Study objectives: Community-acquired pneumonia (CAP) is a widespread disease with important implications for health-care systems worldwide. This study investigated direct costs, treatment patterns, and outcomes associated with two patient cohorts hospitalized with CAP.
Design: The study design was naturalistic, prospective, and open.
Patients: The study enrolled 580 patients. Two hundred sixty-one patients were treated initially with IV moxifloxacin (45%, cohort M); the remaining 319 patients received nonstandardized treatment (cohort S).
Setting: Twenty-two hospitals in Germany.
Results: Clinical success rates were similar between treatment groups (cohort M, 242 of 256 patients, 95%; cohort S, 286 of 312 patients, 92%; p = 0.208). Mean +/- SD length of hospital stay was 10.8 +/- 5.2 days, with cohort M having a significantly shorter hospital stay (10.0 +/- 4 days) compared to cohort S (11.5 +/- 6 days; p < 0.001). Median of all direct costs was dollar 1,333 (minimum, dollar 127; maximum, dollar 9,488), with direct costs of dollar 1,250 in cohort M (minimum, dollar 372; maximum, dollar 9,488) and dollar 1,409 in cohort S (minimum, dollar 127; maximum, dollar 9,366) per treated episode of CAP (p = 0.066).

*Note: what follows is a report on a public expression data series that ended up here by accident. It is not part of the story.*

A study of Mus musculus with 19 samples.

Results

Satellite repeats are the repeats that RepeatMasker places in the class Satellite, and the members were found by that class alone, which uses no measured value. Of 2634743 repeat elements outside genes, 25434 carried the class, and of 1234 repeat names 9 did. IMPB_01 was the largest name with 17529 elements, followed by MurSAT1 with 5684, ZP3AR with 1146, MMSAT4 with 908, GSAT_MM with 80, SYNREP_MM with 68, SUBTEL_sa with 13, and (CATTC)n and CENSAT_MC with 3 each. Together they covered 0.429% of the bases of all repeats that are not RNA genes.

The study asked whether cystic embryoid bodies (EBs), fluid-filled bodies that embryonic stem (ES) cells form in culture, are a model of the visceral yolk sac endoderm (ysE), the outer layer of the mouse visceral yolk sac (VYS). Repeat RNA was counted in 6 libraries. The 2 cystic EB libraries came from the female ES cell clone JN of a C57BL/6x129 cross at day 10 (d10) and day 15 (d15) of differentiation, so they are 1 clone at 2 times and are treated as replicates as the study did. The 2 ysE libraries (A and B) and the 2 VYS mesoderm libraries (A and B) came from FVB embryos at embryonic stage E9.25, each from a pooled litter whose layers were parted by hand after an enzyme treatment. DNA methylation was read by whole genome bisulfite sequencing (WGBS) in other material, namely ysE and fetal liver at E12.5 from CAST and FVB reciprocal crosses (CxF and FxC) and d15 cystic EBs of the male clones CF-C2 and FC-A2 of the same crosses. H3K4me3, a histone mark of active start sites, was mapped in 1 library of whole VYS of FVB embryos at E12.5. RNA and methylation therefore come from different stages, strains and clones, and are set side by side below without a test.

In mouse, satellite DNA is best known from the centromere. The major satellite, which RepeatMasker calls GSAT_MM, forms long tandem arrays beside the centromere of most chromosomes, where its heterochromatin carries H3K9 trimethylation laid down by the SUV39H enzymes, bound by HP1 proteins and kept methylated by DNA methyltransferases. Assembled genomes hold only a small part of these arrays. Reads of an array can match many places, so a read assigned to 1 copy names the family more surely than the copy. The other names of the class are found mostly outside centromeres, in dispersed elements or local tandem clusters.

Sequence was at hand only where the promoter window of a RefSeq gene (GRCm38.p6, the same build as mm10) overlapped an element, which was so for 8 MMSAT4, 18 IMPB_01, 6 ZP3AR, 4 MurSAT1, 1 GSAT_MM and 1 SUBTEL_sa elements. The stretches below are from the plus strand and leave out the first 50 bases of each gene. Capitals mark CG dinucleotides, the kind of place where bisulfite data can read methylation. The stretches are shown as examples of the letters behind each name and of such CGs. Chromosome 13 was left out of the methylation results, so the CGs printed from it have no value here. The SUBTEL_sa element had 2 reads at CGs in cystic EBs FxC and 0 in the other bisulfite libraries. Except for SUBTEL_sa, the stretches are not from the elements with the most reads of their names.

Conclusions: Major determinants of costs were length of hospital stay and ICU admission, whereas costs for staff and hotel were major contributors to direct costs. Initial antibiotic therapy with moxifloxacin resulted in similar clinical efficacy and direct costs compared to nonstandardized therapy; however, patients treated with moxifloxacin benefited with an earlier hospital discharge.